Moisture and condensation on your windows can seem like a worrying problem, but there is good news and bad news that will help you understand what’s going on a little better, as well as some of the ways that you can deal with the issue.

During the summer months, it’s fairly rare for most homes to experience condensation on their windows. The reason is simply that you probably have more airflow coming in and out of your home in the summer, and that keeps moisture from being trapped inside. Air conditioners reduce moisture, having windows or doors open will vent the moist air, and the temperature also keeps damp air from clinging to the window.

However, in the winter, many homes end up trapping moisture inside, and it’s most common in newer homes which are built these days with better insulation and moisture-trapping materials. Older homes, which can be more expensive to heat, tend to vent air and moisture through any number of areas.

So, why does moisture appear on windows in the winter? When the air in your home becomes saturated with water, which can come from a number of sources that we’ll look at next, it turns back into water when it touches cold surfaces like your window panes. For most homes, the moisture level will rise and fall naturally, and it should disappear within a few days. For most home owners, the condensation on their windows will also only cover a small portion of the window pane–likely in the corners, or in the centre of each pane.

For some other home owners though, the problem can become much worse. Window condensation can cover the entire window, or it might even start leaking down the window and over window sills, walls, or it might turn into mould, mildew, or fungus if it has enough time to sit and grow.

So, what can you do if humidity becomes an issue in your home? Here are a few things to keep in mind when trying to solve the problem:

  1. Check your furnace or household heating system. Many furnaces and some heating systems include a built-in humidifier to keep your home from getting too dry. Ensure that the setting is appropriate for your home and either reduce the level, or turn it off entirely. If you have a separate humidifier, check the settings and how often you run it to be sure it’s running properly and that you are not running it excessively or needlessly.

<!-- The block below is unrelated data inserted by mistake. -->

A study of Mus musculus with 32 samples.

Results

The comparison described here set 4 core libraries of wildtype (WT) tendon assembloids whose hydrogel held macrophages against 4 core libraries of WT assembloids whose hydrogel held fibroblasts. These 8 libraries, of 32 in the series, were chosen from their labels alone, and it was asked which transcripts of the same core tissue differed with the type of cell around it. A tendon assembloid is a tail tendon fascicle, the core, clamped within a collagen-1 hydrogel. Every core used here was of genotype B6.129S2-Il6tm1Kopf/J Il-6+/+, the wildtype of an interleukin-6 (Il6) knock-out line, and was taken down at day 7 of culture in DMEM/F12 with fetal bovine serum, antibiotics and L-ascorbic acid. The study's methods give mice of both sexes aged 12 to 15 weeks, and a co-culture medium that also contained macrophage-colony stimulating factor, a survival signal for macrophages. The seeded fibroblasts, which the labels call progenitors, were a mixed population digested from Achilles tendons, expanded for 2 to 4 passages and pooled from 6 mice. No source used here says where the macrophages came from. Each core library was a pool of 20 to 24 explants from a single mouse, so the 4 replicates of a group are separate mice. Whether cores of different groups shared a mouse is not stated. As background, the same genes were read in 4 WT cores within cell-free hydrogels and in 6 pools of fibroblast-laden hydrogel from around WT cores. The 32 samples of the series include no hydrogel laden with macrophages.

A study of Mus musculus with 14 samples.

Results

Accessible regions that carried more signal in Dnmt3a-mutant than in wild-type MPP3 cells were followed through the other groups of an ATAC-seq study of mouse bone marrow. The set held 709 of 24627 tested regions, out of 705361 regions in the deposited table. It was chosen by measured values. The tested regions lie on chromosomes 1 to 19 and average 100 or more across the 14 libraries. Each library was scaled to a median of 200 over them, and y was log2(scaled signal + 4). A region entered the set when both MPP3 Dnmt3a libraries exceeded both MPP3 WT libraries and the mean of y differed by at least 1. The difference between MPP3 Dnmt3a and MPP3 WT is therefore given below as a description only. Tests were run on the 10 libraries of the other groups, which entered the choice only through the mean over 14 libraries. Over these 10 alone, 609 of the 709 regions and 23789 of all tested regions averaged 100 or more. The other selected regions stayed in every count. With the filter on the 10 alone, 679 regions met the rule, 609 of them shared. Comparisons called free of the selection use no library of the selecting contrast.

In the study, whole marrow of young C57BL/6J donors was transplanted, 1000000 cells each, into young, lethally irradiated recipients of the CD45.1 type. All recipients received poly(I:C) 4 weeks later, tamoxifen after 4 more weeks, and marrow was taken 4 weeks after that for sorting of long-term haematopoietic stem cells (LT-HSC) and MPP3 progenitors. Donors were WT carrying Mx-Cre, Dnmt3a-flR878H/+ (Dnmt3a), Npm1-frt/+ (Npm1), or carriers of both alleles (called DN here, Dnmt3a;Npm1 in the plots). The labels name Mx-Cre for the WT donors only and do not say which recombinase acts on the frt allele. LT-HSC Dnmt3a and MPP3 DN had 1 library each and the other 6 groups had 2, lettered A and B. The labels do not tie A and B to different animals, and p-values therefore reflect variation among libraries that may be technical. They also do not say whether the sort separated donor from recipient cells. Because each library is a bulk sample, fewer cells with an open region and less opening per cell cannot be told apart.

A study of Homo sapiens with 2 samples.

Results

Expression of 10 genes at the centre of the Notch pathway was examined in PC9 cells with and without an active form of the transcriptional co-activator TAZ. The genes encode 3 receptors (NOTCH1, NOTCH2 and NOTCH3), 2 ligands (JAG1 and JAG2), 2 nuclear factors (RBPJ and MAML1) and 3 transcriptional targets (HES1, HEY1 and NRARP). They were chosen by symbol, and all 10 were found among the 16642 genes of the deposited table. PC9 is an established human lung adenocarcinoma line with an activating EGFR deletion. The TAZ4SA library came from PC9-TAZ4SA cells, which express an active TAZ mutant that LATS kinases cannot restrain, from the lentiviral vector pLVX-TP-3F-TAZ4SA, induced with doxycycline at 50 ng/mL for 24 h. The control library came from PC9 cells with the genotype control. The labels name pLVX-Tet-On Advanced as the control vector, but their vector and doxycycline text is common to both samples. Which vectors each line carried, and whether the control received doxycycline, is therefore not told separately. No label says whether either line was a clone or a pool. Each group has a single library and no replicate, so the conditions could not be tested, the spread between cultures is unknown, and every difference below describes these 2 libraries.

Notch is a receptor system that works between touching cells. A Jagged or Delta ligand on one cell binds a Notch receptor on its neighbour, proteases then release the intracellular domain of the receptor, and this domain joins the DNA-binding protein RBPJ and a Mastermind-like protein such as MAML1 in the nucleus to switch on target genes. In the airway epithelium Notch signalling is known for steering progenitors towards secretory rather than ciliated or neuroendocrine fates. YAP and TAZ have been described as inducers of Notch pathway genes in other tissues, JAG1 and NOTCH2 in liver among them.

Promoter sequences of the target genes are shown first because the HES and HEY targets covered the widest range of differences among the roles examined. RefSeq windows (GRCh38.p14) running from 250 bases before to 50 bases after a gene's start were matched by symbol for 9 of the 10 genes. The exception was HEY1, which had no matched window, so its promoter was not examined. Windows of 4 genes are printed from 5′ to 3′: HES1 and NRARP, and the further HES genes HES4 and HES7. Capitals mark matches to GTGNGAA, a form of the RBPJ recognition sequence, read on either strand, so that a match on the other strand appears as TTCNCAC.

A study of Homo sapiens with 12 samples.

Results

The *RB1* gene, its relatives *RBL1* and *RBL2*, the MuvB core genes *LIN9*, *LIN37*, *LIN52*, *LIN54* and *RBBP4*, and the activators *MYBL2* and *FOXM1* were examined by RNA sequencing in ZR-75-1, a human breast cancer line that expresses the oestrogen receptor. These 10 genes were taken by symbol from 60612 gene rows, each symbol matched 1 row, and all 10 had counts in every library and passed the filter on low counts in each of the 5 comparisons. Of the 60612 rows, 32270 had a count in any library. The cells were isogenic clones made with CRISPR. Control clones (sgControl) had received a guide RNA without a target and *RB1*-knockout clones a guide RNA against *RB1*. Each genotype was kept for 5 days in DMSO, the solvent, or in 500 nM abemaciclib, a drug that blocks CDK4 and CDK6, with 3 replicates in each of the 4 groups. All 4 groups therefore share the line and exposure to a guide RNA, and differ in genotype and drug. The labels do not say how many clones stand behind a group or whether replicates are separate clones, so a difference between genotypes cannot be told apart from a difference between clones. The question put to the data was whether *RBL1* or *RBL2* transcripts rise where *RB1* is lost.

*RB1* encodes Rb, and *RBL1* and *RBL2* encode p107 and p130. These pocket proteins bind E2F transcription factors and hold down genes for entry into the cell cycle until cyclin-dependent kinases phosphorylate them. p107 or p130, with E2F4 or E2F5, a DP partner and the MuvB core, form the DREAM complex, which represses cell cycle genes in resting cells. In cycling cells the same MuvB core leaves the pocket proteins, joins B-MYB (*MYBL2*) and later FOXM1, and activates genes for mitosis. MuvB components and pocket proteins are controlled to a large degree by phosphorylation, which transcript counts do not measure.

2. Check your vents. Blockage to your vents can cause buildup of moisture, especially from your clothes dryer, from your bathroom, and from the kitchen. Make it a seasonal point of interest to check your vents for anything that might block the air flow, especially on the outside of your home, or even just in the buildup of dust and particles at the vent opening. If these are clear, you should also assess whether there is enough ventilation from your bathrooms and showers. Insufficient ventilation can cause moisture to build up quite quickly.
  3. Take a few moments to vent your home. If the previous points don’t help, simply trying cracking open a window for a few minutes to vent moisture from your house. This is not a solution to the problem, but it can help tremendously until you solve the moisture issue.
  4. Check the vents from your attic. If the vents from your attic are not working properly, moisture can build up in the home, and you could experience other issues as well. This may require you to get a professional into your home to take a good look and asses your vents and your attic.
  5. Take a look at how many house plants you have. If you have a lot of plants in your home, that can also lead to excessive moisture. Over-watering them can also lead to issues, and having them close to the windows can lead moisture to build-up on your windows.

If none of these ideas help your problem, consider having an expert look at your home to find a solution. Keep in mind that the sooner you solve the issue, the less likely the moisture will lead to bigger problems, like rot and mould.